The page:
Cara Wiley, a senior academic advisor for the BYU College of Nursing, was selected as the recipient of a Kennedy Center grant to represent all the university’s academic advisement centers in learning about students’ international experiences. Below are excerpts from her travel log as she accompanied a second group of students on their trip to the Czech Republic.
Day One: We landed and made our way to the hostel. After getting the lay of the land, we ate some traditional Czech food for dinner. The students are all excited to be here.
Day Two: Today we toured around Prague. To learn more about Prague’s history before the trip, the students read Prague Winter by Madeleine Albright and each learned about a specific place in the country. Then the students became our tour guides as we viewed the locations. It was neat because the students were not trying to absorb all the historical information around them—they had learned it before. Instead, they could put the pieces together, enjoy where they were, and reflect on their experiences.
Day Three: The routes of the Czech public transit system were changed two weeks ago, and we had no idea how to get where we wanted to go. Nothing here is in English—it is not like other places in Europe. We resorted to just asking people on the street because we had no idea what the signs said. We finally got to Lidice, and it was a sobering experience, both for the students and for me. The Nazis completely leveled Lidice in WWII because they thought the people were harboring fugitives who had assassinated a Nazi SS leader. Looking at the ruins of the town, I thought about how important it is that the students have not just a generational perspective but a cultural perspective as well. They need to understand what the past was like for these people and how to talk to them about it. It seems there are some memories the citizens do not want to share and there are other topics they are willing to discuss. The more empathy the students gain, the better their nursing practices will be.
Day Four: Today we went to a medical spa town called Karlovy Vary. In the Czech healthcare system, doctors can write prescriptions for patients to have relaxation therapy or other spa treatments, like massages, hypnotherapy, and oxygenation therapy. We would call it going to a day spa, but Czechs consider it to be legitimate medicine. One of the coolest things I did was a respiratory treatment: you breathe in steam infused with herbs to loosen pollutants in your lungs. I had a cold, and the treatment helped me to breathe easier. In the Czech Republic, homeopathic treatment is taken just as seriously as any major medicine would be in the United States. These treatments are different than those traditionally done at American day spas. Another interesting fact that we learned: in the Czech healthcare system, all spa items are completely covered by health insurance.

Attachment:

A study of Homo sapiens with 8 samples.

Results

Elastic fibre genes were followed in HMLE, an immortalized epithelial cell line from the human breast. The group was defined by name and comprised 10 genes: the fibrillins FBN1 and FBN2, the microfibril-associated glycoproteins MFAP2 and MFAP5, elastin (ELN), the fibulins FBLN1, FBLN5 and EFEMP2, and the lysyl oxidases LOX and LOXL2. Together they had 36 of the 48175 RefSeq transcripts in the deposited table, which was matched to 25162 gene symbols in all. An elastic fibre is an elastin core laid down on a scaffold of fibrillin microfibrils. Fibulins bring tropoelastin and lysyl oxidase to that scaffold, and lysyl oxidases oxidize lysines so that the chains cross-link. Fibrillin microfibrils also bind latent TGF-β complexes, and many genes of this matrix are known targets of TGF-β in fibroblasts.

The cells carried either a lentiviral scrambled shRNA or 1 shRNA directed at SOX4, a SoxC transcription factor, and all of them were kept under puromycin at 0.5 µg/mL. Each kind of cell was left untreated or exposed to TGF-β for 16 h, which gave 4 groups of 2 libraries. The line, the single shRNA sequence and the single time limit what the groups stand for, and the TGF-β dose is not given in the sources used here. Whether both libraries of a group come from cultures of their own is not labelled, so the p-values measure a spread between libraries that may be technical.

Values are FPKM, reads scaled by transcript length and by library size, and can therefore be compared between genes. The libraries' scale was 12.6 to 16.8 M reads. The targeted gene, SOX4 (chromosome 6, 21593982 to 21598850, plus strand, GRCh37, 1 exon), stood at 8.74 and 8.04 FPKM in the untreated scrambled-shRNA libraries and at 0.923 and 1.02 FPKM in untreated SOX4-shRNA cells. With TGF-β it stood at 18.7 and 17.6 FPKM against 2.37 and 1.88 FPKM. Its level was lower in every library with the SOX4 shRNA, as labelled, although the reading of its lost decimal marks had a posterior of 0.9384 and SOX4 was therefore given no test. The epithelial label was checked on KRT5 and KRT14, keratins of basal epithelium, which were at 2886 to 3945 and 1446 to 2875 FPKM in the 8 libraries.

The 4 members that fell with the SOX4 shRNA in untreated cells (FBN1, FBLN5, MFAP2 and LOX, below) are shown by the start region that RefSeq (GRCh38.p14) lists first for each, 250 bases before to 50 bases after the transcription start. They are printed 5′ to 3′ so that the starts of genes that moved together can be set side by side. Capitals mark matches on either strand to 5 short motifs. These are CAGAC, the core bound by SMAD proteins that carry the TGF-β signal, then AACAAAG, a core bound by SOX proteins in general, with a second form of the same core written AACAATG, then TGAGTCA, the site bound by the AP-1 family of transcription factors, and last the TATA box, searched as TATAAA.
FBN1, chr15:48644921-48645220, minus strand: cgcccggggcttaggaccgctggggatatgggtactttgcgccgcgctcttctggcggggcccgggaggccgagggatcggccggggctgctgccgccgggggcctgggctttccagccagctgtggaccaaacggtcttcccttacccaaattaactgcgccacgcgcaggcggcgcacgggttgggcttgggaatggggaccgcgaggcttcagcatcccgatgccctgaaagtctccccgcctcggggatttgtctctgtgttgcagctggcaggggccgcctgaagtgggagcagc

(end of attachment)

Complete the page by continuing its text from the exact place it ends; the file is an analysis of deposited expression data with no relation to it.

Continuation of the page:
Day Five: We attended church with a branch of The Church of Jesus Christ of Latter-day Saints at the embassy and spent the rest of the day learning about Czech culture. One of the cities we went to was Kutná Hora. There are lots of churches there, but the most interesting one was a church elaborately decorated with bones. Although the church was a bit unsettling, the students loved looking around and naming the different bones.
Day Six: Today we did orientation for the clinical practicum. It was interesting to learn a little bit more about the Czech healthcare system and to share some things about ours. One of the biggest differences is with maternity leave. When Czechs take maternity leave, it can be for two to three years; in the United States, we get six to eight weeks. The Czechs were shocked and did not understand how we could do that as families.
Day Seven: We started the clinical practicum experience today. The hospital we are in is supposed to be one of the top-ranked in the world, but it is still so small compared to what we have in the U.S. However, they do have a lot of innovative technologies that we do not have. One of the students got to watch a brain surgery with a new machine the FDA has not approved for use in the U.S. yet. The students talked a lot about how the procedures were different in the Czech. I am pleased the students got to experience a different healthcare system and culture, and I am glad I got to see how much they learned.